Prince George's County students have shown gains in functional reading ability in tests taken last fall as part of the Maryland Accountability Program, according to figures released this week by the county school superintendent.
According to the figures, last year's students in the seventh grade tested about three per cent better than the previous year.In 1976, 64.2 per cent of the students were able to answer 80 per cent of the items on the test, while in 1975 only 61.9 per cent were able to do so.
Eleventh grades improved by almost 5 per cent over the previous year's testing results.In 1976 the figure for eighth graders achieving competency was 86.3 compared to 1975's figure of 81.8 per cent.
The testing gains, according to Edward J. Feeney, superintendent of schools, are "a direct result of our efforts to improve the functional reading component of our instructional program."
Seventh and eleventh graders in the state as a whole showed slightly higher gains than Prince George's students.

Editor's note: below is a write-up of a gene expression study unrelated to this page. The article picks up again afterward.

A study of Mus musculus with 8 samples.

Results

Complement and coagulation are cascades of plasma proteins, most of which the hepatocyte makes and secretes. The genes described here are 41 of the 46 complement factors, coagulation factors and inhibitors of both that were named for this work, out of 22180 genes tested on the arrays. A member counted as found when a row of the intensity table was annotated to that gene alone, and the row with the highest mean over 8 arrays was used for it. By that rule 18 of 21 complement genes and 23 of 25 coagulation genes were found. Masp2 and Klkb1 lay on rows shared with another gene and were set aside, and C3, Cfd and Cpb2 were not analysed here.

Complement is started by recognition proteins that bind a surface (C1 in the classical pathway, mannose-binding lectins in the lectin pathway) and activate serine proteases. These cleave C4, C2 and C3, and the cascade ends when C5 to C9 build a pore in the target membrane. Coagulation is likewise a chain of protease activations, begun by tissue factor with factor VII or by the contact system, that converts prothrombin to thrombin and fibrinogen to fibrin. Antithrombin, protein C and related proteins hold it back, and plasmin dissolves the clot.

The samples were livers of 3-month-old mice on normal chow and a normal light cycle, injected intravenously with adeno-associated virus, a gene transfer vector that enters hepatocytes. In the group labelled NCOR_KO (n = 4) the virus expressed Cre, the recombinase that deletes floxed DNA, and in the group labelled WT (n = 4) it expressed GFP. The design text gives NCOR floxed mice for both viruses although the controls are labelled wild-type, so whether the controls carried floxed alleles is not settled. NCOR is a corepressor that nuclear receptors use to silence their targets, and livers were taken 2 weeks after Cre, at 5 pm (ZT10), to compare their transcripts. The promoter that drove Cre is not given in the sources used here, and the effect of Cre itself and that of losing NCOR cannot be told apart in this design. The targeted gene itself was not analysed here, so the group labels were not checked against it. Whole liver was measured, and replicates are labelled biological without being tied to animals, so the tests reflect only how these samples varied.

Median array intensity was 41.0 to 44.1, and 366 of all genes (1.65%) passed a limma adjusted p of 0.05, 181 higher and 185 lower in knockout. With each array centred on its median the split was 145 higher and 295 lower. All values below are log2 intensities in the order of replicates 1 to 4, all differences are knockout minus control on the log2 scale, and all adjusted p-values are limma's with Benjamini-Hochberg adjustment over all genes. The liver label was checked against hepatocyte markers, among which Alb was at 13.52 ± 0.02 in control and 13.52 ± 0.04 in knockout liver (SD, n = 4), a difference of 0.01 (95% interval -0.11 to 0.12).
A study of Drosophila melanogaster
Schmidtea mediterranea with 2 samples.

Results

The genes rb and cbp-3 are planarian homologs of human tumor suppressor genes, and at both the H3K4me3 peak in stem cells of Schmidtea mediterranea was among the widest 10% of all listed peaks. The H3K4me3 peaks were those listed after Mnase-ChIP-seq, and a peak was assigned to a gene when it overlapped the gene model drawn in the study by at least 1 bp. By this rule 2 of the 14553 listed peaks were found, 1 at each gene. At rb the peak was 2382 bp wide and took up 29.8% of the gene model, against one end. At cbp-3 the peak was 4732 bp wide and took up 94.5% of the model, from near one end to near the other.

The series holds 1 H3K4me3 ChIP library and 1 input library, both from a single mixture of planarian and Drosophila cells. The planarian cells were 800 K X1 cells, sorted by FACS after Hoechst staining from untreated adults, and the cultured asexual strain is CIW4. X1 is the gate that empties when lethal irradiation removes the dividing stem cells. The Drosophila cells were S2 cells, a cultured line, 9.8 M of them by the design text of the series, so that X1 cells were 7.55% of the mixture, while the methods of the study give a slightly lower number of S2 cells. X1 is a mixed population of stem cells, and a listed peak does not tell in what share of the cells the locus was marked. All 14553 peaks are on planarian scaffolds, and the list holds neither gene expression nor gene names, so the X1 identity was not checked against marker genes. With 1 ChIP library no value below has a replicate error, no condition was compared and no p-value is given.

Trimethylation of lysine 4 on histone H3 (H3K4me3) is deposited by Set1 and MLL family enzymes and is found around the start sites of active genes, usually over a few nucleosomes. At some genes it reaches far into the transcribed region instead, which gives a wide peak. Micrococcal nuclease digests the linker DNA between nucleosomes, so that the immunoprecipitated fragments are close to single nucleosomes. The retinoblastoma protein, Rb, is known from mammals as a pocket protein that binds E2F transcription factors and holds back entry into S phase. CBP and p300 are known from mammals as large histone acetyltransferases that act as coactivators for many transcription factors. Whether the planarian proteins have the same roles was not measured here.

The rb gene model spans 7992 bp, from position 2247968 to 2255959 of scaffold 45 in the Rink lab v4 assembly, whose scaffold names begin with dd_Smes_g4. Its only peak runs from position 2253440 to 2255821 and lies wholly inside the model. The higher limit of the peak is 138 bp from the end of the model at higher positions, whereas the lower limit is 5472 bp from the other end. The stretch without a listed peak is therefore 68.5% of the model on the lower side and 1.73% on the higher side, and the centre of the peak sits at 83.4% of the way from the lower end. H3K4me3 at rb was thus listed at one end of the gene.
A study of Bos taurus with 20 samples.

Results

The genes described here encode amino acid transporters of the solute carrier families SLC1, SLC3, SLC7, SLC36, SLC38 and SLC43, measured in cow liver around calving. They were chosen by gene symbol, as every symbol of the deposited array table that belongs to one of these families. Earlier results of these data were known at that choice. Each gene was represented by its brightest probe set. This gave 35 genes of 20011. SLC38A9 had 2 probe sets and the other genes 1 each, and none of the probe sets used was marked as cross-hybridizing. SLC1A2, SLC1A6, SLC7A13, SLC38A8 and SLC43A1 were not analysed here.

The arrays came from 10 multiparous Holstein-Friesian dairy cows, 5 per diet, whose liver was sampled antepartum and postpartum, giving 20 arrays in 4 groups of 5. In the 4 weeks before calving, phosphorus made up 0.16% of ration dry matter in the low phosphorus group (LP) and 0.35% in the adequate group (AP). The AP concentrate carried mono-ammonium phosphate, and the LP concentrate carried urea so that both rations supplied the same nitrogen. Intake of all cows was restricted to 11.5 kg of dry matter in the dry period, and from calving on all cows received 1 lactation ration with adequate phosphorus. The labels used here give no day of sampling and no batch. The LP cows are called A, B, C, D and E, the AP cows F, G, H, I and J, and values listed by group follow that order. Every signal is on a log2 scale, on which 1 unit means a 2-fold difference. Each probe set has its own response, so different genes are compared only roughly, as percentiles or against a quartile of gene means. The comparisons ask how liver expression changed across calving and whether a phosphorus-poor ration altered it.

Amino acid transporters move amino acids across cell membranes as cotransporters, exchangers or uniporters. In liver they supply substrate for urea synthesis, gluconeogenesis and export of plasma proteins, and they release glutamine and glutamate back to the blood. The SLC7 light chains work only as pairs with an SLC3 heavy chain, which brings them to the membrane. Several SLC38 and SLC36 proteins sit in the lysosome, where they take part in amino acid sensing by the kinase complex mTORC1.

Dr. Louise Waynant, coordinating director of instruction for the school system, said the lower county test results when compared to the state-wide figures shows a need to gie an even greater emphasis to functional reading as a part of the reading program.
To fill this gap, the county next fall will increase its emphasis on functional reading - the reading of the everyday material such as "supermarket ads, telephone books, or job applications - by introducing new materials and guidelines for both teachers and students," a county school spokesman said.
"Publishers now are beginning to come forward with materials aimed at functional reading skills, and we hope to start bringing some of those into our classrooms, getting them on our list of approved instructional materials," said Waynant.